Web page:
Gibraltar Row To Be Taken To UN By Spain With Argentina's Support

Spain will seek to take its dispute with the UK over Gibraltar to the UN - with the support of Argentina.

Spanish foreign minister Jose Garcia-Margallo is expected to propose that both countries present a "united front" over Gibraltar and the Falkland Islands, El Pais reported.

Garcia-Margallo will sound out his Argentinian counterpart, Hector Timerman, during a meeting in Buenos Aires next month as he prepares for a "180 degree turn in policy towards the colony", the newspaper said.

Argentina have waded into the Gibraltar dispute

Such a move would be seen as an escalation in the diplomatic tensions surrounding the overseas territory.

Argentina is on a two-year term as non-permanent member of the UN's Security Council and could potentially use its position to include discussions over Gibraltar on the agenda.

The country's president, Cristina Kirchner, used a meeting of the council this week to renew demands for talks over the sovereignty of the Falklands.

Spain is also considering the possibility of raising the matter of Gibraltar at the UN's General Assembly or the International Court of Justice at The Hague, diplomatic sources reportedly told El Pais.

A Foreign Office spokeswoman said: "Our policy on Gibraltar has not changed and is consistent with our policy on other overseas territories.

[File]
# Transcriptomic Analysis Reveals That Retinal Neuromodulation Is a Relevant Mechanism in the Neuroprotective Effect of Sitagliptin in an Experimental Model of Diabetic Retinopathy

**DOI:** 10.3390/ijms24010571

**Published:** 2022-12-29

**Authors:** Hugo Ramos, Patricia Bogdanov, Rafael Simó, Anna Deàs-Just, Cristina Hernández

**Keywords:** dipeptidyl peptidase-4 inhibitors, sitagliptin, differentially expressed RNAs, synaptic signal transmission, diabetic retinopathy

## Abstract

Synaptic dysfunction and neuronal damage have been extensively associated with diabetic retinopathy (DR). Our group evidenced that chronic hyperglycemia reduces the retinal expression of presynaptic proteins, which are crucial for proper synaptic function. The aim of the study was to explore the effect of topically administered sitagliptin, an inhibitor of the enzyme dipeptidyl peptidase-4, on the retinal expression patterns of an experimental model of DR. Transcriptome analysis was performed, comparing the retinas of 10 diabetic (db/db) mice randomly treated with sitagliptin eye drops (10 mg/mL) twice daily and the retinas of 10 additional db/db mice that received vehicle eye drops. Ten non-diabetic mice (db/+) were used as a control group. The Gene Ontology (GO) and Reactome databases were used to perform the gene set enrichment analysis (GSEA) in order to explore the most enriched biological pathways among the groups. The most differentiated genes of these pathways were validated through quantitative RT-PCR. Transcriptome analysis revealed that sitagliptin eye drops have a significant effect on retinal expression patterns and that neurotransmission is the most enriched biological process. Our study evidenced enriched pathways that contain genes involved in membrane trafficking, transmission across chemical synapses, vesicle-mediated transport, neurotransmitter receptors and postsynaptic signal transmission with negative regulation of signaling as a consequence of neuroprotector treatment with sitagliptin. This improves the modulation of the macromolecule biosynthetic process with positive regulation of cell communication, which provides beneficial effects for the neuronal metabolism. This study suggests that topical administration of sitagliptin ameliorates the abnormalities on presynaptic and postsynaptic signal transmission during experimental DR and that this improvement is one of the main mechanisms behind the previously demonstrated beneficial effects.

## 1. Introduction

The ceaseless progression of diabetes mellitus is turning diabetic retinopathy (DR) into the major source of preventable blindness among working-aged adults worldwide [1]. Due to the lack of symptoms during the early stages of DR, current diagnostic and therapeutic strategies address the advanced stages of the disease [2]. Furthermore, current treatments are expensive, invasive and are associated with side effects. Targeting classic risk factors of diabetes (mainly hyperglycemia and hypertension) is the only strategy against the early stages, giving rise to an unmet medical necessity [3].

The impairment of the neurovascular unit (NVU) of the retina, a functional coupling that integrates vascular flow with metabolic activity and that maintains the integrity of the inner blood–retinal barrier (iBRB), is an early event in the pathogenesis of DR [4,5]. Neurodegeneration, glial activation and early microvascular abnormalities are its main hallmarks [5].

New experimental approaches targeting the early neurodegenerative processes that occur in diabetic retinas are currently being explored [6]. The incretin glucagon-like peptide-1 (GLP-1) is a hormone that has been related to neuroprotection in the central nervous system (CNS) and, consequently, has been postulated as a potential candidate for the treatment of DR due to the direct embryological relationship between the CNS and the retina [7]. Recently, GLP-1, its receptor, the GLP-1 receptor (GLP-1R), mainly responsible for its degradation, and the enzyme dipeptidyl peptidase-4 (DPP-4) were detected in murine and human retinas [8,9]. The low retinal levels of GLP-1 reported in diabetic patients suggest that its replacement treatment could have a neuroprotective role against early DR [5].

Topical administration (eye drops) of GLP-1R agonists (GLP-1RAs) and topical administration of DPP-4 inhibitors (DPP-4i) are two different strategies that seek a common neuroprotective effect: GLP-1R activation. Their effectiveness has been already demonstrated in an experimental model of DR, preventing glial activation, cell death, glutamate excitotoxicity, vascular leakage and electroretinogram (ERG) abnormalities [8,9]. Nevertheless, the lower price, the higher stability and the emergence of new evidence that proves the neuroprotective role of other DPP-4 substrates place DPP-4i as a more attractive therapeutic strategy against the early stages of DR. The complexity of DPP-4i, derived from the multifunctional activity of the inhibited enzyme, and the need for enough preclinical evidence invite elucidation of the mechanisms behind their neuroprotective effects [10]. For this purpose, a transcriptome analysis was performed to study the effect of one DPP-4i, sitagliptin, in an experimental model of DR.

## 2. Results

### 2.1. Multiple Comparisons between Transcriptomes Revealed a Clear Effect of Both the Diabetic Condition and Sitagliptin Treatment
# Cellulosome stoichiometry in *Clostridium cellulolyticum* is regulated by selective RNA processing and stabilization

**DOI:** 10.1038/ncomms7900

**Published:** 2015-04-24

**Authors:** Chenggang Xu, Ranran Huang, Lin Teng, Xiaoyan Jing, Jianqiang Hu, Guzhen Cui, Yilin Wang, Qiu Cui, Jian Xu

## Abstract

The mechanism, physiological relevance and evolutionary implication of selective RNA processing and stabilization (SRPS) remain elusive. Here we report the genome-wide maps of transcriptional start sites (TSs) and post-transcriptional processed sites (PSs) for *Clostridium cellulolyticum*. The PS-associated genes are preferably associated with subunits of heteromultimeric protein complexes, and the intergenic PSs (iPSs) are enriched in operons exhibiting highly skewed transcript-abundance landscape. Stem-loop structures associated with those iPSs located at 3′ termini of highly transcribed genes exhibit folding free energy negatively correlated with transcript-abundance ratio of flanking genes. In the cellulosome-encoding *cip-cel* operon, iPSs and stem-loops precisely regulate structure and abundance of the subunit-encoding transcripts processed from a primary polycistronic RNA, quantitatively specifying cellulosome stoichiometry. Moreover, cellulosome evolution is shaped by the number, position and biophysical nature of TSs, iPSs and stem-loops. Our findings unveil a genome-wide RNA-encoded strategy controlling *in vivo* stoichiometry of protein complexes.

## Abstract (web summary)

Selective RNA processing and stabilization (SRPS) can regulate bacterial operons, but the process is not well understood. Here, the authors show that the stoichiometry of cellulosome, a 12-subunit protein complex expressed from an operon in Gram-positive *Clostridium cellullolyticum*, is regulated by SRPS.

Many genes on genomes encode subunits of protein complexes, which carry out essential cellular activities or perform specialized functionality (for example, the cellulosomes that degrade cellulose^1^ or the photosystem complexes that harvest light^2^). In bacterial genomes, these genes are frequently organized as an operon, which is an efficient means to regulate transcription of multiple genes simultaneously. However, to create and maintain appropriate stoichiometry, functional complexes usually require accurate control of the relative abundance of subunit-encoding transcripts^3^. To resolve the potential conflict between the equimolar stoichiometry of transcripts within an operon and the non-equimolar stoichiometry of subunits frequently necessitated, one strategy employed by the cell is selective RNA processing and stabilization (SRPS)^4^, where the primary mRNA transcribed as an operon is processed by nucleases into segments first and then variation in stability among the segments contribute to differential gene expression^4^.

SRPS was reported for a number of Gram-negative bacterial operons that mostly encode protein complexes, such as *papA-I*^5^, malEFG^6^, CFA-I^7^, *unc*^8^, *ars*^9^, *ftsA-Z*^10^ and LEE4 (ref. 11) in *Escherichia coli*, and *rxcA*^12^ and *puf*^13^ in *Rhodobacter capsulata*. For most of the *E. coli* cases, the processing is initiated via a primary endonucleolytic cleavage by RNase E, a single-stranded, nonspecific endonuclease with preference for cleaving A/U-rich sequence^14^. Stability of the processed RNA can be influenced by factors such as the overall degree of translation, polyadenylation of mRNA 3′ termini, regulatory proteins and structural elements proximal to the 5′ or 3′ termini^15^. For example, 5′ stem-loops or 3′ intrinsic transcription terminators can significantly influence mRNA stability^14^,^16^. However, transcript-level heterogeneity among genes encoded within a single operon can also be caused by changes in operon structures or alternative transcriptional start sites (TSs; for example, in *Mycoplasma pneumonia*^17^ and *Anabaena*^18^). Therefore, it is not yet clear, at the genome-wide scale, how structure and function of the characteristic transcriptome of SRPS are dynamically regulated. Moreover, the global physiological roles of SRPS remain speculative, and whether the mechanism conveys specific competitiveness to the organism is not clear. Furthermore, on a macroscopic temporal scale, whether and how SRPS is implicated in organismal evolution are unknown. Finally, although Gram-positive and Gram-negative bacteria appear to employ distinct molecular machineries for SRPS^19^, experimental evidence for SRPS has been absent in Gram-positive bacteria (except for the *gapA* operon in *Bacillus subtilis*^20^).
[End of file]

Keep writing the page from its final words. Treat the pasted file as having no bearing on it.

"Self-determination matters more than territorial integrity.

"The people of Gibraltar have repeatedly and overwhelmingly expressed their wish to remain under British sovereignty."

A British warship will visit Gibraltar later this month, amid increased tensions in the overseas territory with Spain, in what the Ministry of Defence (MoD) has said is a "long-planned" training deployment.

Political tensions in the region have flared up after the British territory began work on a concrete reef in the Mediterranean which Spain claims will destroy fishing in the area.

Madrid responded by beefing up border controls and suggesting that a 50 euro (£43.30) fee could be imposed on every vehicle entering or leaving the outpost through its fenced border with Spain.